This book was such a delight. I have read and re-read Terry Pratchett's Discworld novels, but only one of the companion books, The Art of Discworld (written with Paul Kirby). Then, just in the space of a week, I found not only this book, but also Turtle Recall, the actual Discworld Companion. Both are revised editions, incorporating material from the most recent books in the long-running series. I don't think I'll be sitting down to read the Companion, but I've already been dipping in and out, looking up my favorite characters, like Anoia, the Goddess of Things That Get Stuck in Drawers.
The subtitle of The Folklore of Discworld is "Legends, Myths and Customs from the Discworld with Helpful Hints from Planet Earth." The chapters deal with different elements of life of the Disc, starting with "The Cosmos: Gods, Demons and Things." Later chapters cover the various species of beings (including the hilarious Nac Mac Feegle); the witches, especially those from Lancre and the Chalk, who feature in several of the books; and of course DEATH himself. The authors cite examples from the Discworld stories, explain their context in those books, and then connect them to beliefs and practices here in our world. I have never studied folklore myself, but many of the narrative and the practices discussed were familiar to me, and I enjoyed learning more about them.
Jacqueline Simpson wrote in her Preface,
So when Terry invited me to join him in exploring this incredibly rich network of links, I had only one misgiving. Is it wise to explain so much? Might it not be best to let readers enjoy the glimpses and hints and clues half-understood, and gradually make their own discoveries?For myself, I don't think it has diluted the magic at all, to understand more about the elements that Terry Pratchett weaves together in creating his world and its many characters and settings. In fact, I came away impressed with the breadth of his knowledge.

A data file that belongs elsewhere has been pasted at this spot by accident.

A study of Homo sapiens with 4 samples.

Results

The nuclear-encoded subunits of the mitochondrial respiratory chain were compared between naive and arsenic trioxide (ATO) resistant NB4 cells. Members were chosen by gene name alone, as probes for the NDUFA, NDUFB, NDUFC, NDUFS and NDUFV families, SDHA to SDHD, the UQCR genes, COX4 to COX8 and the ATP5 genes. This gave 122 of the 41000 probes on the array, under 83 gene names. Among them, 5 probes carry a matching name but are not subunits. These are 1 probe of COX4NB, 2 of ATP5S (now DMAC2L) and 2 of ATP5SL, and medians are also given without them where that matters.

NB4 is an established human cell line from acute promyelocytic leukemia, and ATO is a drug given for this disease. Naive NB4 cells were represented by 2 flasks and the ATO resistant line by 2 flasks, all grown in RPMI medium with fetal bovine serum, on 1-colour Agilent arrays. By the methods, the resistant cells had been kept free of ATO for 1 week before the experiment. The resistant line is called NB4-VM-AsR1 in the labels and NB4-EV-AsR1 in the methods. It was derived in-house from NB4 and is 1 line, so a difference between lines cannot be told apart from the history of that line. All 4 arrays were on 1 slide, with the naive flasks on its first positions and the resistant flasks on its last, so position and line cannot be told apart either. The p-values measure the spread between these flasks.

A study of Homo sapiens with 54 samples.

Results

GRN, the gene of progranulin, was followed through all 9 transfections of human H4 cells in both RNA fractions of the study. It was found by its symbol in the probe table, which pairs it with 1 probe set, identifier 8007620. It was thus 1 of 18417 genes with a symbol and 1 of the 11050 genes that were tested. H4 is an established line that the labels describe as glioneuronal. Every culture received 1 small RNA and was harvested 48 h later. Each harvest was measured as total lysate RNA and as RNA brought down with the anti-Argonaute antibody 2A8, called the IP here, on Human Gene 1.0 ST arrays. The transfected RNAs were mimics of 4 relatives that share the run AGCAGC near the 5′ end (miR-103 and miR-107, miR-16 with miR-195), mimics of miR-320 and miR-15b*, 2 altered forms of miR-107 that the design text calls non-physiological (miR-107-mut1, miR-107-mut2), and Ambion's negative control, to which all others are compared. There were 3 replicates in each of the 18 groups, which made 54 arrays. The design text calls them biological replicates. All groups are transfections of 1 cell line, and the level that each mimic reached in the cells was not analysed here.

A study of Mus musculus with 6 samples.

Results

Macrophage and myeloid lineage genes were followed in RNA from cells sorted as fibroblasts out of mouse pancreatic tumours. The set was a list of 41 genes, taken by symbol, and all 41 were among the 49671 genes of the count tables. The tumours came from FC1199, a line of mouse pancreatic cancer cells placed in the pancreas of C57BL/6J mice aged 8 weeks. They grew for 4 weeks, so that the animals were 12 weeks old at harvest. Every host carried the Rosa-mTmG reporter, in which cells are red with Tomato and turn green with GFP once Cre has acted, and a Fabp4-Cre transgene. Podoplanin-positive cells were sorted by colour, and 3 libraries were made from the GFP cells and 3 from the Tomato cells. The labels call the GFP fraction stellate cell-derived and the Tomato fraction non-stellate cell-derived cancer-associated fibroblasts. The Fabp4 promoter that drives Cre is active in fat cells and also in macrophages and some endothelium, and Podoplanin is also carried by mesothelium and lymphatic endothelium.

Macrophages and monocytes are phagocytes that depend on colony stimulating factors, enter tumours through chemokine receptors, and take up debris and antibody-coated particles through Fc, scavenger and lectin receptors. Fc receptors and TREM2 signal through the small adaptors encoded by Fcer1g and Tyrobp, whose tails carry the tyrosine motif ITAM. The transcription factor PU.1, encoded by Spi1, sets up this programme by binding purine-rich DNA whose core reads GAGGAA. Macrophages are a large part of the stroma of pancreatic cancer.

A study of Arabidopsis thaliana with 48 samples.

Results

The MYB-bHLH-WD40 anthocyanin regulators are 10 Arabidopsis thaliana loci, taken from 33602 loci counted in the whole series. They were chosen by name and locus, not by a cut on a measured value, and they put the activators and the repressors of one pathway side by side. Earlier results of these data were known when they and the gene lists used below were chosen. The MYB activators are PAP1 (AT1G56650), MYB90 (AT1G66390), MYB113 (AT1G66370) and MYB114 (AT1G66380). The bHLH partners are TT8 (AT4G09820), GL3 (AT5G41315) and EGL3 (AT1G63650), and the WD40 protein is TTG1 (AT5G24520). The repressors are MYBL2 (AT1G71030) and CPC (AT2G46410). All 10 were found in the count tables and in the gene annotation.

But as Terry has said elsewhere, a conjurer is more entertaining than a wizard, because he entertains you twice: once with the trick, and once with the trickery.
The book includes a bibliography, in part as Terry Pratchett says in his Preface, "because people who love books always want to recommend them to other people at the least excuse." Discovering that the bibliography includes They Fought Like Demons, a history of women soldiers in the American Civil War, was just icing on the proverbial cake. The authors cite statistics from that book in a section on "Female Soldiers," like Polly Perks and her companions in Monstrous Regiment - which, coincidentally or not, was my introduction to Terry Pratchett's books, and still one of my favorites.
The only trouble is that now I want to sit down with Guards! Guards! and read my way around the Disc.